I’d imagine that one or two of you may be wondering why the 911 GT3 RS has now officially been declared Britain's Best Driver’s Car, despite being beaten – on lap time at least – by both the Ferrari 458 and the Noble M600.
The answer is fairly straightforward; although it was fractionally slower against the stopwatch around Donington – and when I say fractionally I mean tenths, not even seconds – there wasn’t one single tester who subjectively preferred the Ferrari over the Porsche. And although one or two of our more ambitious staff thought the Noble got far closer to the GT3 RS overall, in the end even they admitted that the mighty M600 couldn’t match the 911’s extraordinary depth of appeal.
So what is it about the current GT3 RS that’s so special? For starters, it just handles so beautifully around a circuit like Donington. It feels balanced and pure in its responses where other cars, even the 458, feel edgy – as if they may simply let go and spin through corners in which the GT3 RS remains glued.
It also has exquisite steering and brakes, plus a lack of inertia when changing direction that enables it to be driven harder, with more confidence, than any other car we invited to Donington.
It also feels 100 per cent bullet-proof. Its brakes simply don’t fade at all, even when subjected to lap after lap of abuse. Its manual gearbox may not be a match for the robotized dual-clutch affairs of some rivals but, again, it felt as sweet on lap 100 as it did after lap one.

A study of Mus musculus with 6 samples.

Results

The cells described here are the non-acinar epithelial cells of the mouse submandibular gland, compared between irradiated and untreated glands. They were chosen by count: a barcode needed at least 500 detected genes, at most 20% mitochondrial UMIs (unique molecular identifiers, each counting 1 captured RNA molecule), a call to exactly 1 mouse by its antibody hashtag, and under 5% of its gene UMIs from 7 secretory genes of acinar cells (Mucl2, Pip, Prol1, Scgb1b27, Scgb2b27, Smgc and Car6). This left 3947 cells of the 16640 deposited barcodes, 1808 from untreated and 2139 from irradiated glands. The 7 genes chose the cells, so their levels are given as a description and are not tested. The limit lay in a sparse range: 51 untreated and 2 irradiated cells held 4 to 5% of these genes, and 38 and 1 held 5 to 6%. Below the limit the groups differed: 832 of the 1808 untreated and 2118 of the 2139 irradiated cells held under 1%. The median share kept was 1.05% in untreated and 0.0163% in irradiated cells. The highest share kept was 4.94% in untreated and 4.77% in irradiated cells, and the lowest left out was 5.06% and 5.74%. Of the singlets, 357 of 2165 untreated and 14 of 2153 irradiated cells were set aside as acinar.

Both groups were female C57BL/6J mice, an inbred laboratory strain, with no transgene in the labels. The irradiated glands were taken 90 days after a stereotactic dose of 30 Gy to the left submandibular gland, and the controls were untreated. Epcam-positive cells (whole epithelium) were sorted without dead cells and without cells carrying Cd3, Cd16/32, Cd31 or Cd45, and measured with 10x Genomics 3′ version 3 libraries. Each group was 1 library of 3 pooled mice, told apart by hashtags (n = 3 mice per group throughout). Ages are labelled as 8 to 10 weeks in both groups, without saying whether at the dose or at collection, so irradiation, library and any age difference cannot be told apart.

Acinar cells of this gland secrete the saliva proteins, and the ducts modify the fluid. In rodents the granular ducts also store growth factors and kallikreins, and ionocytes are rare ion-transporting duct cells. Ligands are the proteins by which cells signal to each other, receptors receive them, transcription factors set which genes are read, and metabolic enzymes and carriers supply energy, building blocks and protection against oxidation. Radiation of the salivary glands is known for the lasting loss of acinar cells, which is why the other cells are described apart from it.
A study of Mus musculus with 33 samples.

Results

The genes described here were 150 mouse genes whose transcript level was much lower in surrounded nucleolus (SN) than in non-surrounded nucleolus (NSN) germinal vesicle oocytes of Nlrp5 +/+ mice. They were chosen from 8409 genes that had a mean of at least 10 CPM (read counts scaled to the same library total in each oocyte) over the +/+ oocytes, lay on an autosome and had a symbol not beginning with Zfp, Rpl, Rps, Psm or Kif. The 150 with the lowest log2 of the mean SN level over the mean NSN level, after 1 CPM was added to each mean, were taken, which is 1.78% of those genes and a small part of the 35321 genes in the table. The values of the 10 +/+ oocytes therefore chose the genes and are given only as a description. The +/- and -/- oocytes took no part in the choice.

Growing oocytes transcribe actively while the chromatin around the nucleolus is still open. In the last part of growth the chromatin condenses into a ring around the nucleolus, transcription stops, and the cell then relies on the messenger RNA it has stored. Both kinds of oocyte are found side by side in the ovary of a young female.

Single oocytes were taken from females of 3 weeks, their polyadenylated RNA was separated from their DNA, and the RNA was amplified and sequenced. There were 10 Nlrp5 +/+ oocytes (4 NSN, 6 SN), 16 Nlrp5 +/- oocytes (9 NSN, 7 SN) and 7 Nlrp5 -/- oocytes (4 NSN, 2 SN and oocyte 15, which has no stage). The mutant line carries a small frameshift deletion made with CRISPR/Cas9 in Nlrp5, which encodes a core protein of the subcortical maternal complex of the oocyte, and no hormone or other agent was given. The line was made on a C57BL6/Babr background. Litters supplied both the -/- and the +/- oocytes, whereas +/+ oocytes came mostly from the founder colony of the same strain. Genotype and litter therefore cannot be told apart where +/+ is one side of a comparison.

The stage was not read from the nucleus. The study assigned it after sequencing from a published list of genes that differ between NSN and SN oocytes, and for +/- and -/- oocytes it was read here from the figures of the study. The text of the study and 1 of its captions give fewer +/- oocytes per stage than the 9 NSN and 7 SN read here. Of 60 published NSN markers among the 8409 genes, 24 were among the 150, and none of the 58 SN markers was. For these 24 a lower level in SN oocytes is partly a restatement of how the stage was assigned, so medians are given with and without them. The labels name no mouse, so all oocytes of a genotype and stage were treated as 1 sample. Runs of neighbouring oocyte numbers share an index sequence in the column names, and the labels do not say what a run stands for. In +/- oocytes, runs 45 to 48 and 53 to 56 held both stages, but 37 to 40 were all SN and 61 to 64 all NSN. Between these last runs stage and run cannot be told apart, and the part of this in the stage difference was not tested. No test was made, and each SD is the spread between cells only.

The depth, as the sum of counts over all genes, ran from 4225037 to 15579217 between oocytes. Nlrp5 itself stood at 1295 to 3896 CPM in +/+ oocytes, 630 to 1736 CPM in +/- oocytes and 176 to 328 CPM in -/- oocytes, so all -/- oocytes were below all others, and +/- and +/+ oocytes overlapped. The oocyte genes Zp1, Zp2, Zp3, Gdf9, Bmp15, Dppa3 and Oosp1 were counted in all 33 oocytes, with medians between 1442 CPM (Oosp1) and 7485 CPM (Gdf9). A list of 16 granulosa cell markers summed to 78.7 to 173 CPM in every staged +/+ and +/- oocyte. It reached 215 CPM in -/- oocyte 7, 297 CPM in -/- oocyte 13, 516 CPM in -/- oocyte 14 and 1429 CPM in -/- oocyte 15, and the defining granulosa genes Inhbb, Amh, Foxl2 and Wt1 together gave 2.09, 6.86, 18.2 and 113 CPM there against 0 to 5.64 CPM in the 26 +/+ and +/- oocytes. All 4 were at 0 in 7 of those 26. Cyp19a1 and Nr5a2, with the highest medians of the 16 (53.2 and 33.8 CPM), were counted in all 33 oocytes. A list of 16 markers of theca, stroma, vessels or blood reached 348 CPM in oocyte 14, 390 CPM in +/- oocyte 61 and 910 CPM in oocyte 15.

And then, of course, there is its engine; its turbine smooth, sweet sounding, thumpingly powerful flat-six engine whose throttle response is as crisp as freshly laid snow, and whose power delivery is so strong it actually takes a while to get used to during the first few laps.
Finally, don’t think of the GT3 RS as being little more than a thinly disguised racing car that just so happens to wear a set of number plates and a tax disc. Perhaps the most extraordinary thing of all about this car is that it can be used every day on the road as well.
Its ride is firm but no more so than that of a Ford Focus RS. And its interior, though somewhat sparse compared with “normal” interiors, is in fact a rather wonderful place to spend time in once you get used to it. You could easily drive the GT3 RS to the south of France in a day, for example.
But the best place to drive it is on a track. Flat out, on the edge, balls to the wall. That’s where this car reaches it zenith. And that’s when it becomes untouchable – even by cars as brilliant as the Ferrari 458 and Noble M600. Which, believe me, is saying something.